After Gerber’s sliding plier head patent expired, Leatherman decided to try their hand on this particular design, and their first offering is the OHT. It’s a large tool aimed at the tactical/EMT crowd. Leatherman doesn’t say what OHT stands for, but I’m guessing there probably is a One Hand somewhere. It comes with a MOLLE compatible sheath which will also work with belt.
Most parts of the tool are finished with black oxide coating, and handle scales come in either tan or black. Black oxide finish isn't particularly wear resistant, so expect the black to fade with use. The scales are painted stamped sheet metal, despite my initial impression of anodized aluminum.
Lost in a sea of better known competition, the T10 Multitool by IDL Tools is a lesser known, but not lesser quality, contender.
The tool is all stainless steel construction, and held together with peened pins. The tool is 2" (51mm) long, 1 1/8" (29mm) wide, and an incredibly thin 5/16" (including pins. Without them, it's only 1/4" (6.5mm) thick. Weight is 1.7 oz (49g).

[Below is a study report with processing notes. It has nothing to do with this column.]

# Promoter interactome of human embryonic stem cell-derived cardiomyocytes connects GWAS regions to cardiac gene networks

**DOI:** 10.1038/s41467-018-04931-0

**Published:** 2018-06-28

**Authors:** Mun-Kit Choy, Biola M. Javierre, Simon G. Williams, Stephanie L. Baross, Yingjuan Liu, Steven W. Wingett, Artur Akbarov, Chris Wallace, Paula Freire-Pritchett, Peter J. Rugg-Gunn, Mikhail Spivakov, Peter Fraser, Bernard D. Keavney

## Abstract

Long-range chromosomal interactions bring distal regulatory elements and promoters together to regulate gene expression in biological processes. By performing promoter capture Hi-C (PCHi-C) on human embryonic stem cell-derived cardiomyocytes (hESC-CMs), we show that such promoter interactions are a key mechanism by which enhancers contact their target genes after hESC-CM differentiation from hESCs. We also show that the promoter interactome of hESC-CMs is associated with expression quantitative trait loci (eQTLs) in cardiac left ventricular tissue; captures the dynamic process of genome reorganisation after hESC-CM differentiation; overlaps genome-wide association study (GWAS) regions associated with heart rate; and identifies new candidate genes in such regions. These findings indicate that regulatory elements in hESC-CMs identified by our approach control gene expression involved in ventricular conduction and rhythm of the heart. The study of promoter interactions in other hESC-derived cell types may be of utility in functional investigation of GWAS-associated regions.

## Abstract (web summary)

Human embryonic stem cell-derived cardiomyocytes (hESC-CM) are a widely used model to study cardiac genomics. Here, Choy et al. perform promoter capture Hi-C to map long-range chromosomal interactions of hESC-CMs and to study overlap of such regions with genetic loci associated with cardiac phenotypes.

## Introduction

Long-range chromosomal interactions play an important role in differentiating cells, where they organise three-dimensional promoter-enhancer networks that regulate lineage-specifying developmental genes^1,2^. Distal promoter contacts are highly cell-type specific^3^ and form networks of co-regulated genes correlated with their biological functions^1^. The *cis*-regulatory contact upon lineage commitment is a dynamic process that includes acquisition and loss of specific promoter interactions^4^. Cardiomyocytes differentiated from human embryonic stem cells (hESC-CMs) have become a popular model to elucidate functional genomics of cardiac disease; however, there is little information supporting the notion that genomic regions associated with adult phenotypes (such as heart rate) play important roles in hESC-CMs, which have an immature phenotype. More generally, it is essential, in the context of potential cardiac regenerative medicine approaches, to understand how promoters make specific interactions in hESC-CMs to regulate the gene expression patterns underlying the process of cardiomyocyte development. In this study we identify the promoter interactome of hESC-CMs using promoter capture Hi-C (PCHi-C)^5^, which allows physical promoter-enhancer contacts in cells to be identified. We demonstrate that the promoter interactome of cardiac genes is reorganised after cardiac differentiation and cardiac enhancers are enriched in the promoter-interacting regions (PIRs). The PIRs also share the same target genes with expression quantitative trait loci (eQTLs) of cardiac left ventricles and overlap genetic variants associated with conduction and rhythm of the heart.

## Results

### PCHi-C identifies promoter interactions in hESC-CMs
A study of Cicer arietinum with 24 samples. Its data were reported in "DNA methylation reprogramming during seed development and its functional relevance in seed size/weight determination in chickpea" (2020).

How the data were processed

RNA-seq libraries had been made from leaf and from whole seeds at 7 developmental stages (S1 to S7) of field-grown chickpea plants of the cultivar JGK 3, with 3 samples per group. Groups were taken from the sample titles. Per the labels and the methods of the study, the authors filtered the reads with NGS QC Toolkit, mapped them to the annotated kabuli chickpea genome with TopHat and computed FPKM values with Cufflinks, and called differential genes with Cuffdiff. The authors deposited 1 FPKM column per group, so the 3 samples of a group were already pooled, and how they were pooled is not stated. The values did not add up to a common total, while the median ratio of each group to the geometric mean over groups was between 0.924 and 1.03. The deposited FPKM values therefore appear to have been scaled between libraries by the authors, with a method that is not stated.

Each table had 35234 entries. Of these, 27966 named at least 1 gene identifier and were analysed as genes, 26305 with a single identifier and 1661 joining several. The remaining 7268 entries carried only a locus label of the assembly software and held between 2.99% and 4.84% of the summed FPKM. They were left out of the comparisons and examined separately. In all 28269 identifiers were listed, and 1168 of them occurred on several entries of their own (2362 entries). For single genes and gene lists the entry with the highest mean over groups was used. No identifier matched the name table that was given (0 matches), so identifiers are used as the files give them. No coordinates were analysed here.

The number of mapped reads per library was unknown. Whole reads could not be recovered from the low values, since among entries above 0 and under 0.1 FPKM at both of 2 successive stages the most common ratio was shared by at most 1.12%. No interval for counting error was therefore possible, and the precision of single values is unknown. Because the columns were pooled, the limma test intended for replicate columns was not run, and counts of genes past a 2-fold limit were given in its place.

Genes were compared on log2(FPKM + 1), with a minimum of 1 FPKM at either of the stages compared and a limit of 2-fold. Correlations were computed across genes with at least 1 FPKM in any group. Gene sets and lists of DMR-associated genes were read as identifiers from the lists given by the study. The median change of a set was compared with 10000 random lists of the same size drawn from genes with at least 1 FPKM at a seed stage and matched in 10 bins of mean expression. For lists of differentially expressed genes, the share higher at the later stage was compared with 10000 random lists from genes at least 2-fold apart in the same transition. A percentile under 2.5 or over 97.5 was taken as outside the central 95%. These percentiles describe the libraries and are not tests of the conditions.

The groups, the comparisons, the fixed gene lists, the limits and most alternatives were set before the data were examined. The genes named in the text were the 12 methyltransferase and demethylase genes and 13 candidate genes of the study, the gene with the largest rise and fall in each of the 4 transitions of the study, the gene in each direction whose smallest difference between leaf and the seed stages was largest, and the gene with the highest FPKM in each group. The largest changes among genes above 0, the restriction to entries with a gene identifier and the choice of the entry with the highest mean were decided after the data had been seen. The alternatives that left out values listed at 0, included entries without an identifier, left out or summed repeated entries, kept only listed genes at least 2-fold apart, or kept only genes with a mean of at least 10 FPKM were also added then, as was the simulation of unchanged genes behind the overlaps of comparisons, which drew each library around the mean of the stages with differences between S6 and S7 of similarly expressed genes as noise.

Here is the tool folded up.
It wasn't a planned purchase. I didn't even know it existed until I saw it in the display case at the Brigade Quartermaster on Ft. Stewart more than a year and a half ago. I liked the idea of having a small tool to carry on my keys, since the Gerber MP600 I was issued was too big and bulky to carry out of uniform. I purchased the tool for around $20. It has been on my keys ever since.
I have been aware of the Gerber Curve for quite some time now and was attracted to it for it’s organic shape, locking implements and minuscule size. I was just never able to justify paying $10 for the tool and $5 shipping. I found one while browsing in a Dick’s store about two weeks ago. Its the first time I’ve seen one in a store, and seeing it in person made me want it even more. I ignored the $15 price and bought it.
An often-overlooked entry into the keychain size MT market is the SOG Crosscut. I was talked into buying one from ‘Sharper Image’ or some such mall shop many years ago, and as overpriced as it was, I would have paid it again. The original Crosscut was an absolutely excellent tool. It has been replaced by the Crosscut 2.0, with only a few refinements, and a fairly major drop in build quality since production switched from the United States to China. While it’s not what it used to be, it’s still an excellent option for keychain carry.